What Is Adverse Action?

Polarising arguments in the workplace are difficult. Whether it’s about the date of Australia Day, legality of horse racing on Melbourne Cup or even just about the latest episode of Married at First Sight, disagreements and conflicting views are hard and can result in workplace tension. However, if this tension results in discriminatory behaviour or even termination, it is time to consider whether adverse action has taken place.

Angela Williamson

The infamous Angela Williamson case in mid-2018 raised the question of whether adverse action had taken place in her termination. Cricket Australia fired Williamson for tweeting her perspective on the Tasmanian Government’s policy on abortion. Williamson had posted the tweets in her personal capacity and outside of work hours. Therefore, when Williamson was terminated due to her “offending” tweets it questioned whether employees can be fired due to their political opinion.

When does Adverse Action occur?

It often occurs between employers and employees. However, there are other workplace situations where this may take place such as between potential employers and potential employees. The Fair Work Act s 342 outlines the many different varieties there are within the workplace. Below are a couple of situations in which it can manifest.

Employee against an employer

Adverse action has taken place if the employee refuses to work while in the employ of their employer. Furthermore, if they intend to take industrial action such as a strike against their employer. These situations would be considered as adverse action having occurred against an employer by the employee.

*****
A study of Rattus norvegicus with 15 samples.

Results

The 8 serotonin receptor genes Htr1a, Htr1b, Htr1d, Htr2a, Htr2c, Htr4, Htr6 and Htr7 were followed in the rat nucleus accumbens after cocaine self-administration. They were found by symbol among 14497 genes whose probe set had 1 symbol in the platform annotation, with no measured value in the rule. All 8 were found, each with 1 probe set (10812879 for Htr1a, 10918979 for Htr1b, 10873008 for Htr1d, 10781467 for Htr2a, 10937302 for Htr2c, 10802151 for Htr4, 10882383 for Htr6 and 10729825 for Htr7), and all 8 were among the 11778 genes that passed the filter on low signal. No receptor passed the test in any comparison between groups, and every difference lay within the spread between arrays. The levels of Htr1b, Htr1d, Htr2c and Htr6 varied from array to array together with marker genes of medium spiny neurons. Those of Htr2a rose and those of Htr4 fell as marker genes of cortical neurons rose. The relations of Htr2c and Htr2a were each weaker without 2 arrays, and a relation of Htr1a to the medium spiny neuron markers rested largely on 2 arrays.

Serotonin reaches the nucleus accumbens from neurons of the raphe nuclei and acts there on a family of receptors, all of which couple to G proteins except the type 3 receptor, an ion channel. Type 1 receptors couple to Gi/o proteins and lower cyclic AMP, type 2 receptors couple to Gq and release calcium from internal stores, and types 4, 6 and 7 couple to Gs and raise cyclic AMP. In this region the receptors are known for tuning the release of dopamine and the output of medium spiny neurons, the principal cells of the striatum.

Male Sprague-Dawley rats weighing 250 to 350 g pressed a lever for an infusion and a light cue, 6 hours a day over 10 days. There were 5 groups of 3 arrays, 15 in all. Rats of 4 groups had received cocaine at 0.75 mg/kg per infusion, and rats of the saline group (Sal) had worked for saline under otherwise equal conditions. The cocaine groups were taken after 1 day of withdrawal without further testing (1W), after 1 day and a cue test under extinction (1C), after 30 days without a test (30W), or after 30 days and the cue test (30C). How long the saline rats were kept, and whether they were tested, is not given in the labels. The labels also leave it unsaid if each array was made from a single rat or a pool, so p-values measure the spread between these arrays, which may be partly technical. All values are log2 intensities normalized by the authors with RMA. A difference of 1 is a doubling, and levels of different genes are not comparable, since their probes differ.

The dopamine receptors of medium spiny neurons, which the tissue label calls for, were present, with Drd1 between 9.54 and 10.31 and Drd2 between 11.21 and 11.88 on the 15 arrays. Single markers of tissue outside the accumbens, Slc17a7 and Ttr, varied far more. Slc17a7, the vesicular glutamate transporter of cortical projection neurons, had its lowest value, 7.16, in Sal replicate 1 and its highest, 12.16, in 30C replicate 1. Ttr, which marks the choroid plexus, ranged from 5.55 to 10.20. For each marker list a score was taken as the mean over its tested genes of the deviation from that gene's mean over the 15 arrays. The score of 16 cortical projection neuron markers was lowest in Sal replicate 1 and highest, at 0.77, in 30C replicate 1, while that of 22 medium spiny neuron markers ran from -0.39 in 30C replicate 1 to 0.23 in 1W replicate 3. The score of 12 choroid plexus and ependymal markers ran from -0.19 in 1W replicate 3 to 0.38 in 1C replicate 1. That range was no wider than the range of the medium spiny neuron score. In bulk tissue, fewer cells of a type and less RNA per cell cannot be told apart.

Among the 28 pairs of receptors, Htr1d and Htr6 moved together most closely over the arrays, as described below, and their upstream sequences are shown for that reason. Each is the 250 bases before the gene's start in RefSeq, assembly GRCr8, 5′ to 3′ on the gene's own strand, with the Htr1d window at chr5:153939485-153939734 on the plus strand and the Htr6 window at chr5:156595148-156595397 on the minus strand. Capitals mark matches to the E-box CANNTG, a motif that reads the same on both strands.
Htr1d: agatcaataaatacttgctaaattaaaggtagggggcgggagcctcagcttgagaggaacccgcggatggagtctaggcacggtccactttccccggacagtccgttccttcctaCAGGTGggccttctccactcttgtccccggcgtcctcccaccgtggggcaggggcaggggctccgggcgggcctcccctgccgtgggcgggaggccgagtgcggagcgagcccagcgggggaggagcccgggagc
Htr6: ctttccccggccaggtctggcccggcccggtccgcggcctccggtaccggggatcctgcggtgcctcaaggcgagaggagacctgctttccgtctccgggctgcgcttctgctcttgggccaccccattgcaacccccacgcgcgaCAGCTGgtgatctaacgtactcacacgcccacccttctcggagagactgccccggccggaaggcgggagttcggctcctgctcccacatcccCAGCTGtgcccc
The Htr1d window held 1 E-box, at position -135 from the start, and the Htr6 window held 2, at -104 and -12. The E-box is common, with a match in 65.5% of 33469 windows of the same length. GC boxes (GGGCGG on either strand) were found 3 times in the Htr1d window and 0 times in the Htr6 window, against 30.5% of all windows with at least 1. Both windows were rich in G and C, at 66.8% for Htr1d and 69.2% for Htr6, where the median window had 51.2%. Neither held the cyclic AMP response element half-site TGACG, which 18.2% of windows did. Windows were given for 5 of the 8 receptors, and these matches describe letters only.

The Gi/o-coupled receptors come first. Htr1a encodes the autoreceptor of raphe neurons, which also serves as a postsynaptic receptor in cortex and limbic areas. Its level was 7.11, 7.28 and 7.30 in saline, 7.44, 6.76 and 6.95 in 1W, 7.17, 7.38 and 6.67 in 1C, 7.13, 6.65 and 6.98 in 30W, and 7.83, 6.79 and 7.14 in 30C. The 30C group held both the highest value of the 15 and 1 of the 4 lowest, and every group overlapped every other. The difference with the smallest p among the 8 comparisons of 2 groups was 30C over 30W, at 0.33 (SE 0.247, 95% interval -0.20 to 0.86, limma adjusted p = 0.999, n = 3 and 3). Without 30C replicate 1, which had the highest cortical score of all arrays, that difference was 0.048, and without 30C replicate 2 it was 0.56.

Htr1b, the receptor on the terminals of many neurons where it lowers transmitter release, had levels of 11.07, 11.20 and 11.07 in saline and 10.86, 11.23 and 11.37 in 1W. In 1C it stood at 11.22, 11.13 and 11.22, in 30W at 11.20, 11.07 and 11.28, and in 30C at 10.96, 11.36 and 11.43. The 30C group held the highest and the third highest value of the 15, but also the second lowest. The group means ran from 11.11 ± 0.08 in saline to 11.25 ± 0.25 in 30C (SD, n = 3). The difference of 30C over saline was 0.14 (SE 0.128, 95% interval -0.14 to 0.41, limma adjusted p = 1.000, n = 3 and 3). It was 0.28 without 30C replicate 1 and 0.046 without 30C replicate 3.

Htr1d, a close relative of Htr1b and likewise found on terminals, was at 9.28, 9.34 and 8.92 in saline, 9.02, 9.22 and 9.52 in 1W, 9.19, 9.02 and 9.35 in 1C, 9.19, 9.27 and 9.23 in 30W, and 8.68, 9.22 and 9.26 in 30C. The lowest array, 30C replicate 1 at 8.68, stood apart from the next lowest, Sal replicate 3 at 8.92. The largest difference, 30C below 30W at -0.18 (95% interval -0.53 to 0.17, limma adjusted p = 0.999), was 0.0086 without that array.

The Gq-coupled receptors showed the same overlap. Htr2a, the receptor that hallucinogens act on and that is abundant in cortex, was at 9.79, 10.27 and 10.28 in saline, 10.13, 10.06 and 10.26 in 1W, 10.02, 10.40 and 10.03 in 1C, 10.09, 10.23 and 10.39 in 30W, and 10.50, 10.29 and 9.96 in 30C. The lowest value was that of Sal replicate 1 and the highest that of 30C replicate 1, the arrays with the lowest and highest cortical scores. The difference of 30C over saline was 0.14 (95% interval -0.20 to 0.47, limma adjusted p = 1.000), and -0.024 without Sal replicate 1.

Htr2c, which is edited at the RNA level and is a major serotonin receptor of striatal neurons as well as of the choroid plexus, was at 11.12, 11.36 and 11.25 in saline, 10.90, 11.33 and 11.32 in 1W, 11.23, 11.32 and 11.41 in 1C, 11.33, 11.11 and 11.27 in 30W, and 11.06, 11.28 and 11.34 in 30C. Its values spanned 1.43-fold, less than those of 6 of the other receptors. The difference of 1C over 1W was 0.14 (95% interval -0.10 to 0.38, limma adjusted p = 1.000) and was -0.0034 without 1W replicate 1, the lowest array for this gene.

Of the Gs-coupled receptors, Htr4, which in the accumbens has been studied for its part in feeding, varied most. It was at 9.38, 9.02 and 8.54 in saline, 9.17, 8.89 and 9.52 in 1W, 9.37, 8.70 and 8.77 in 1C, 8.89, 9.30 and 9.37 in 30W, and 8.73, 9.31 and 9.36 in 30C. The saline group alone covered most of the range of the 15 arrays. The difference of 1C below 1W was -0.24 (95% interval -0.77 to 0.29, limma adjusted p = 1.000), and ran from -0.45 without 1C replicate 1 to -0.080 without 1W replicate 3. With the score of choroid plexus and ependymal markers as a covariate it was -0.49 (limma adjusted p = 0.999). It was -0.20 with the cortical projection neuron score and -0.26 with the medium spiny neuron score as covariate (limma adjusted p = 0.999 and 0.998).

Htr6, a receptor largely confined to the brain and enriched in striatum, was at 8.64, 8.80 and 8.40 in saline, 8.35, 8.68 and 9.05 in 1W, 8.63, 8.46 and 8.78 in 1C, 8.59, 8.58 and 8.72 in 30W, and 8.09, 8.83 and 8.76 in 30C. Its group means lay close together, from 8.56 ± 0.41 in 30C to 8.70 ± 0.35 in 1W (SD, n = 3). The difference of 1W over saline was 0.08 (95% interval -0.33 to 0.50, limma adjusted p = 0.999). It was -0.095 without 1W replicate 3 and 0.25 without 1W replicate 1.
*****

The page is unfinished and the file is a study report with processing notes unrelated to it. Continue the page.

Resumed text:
Employer against an employee

Adverse action has taken place if the employer threatens, organises or takes measures against the employee. This can be in the form of dismissing, injuring and or altering the position of the employee to their detriment. Furthermore, if they discriminate against the employee and others in the employer’s employ.


Angela Williamson and her lawyers claimed her dismissal was unfair and breached the Fair Work Act. Eventually, Williamson and Cricket Australia managed to come to an out-of-court resolution. Therefore, the next time you have a disagreement or contentious issue at work ensure it does not affect your employment or it may be considered adverse action. If you think you have been subject to adverse action, refer to the Fair Work Commission adverse action page for further information. If you need legal advice, you can also speak to an Employment Lawyer who can provide you with assistance. Furthermore, you can access legal employment documents for template agreements, letters and more.

Don’t know where to start? Contact a LawPath consultant on 1800 529 728 to learn more about customising legal documents and obtaining a fixed-fee quote from Australia’s largest legal marketplace.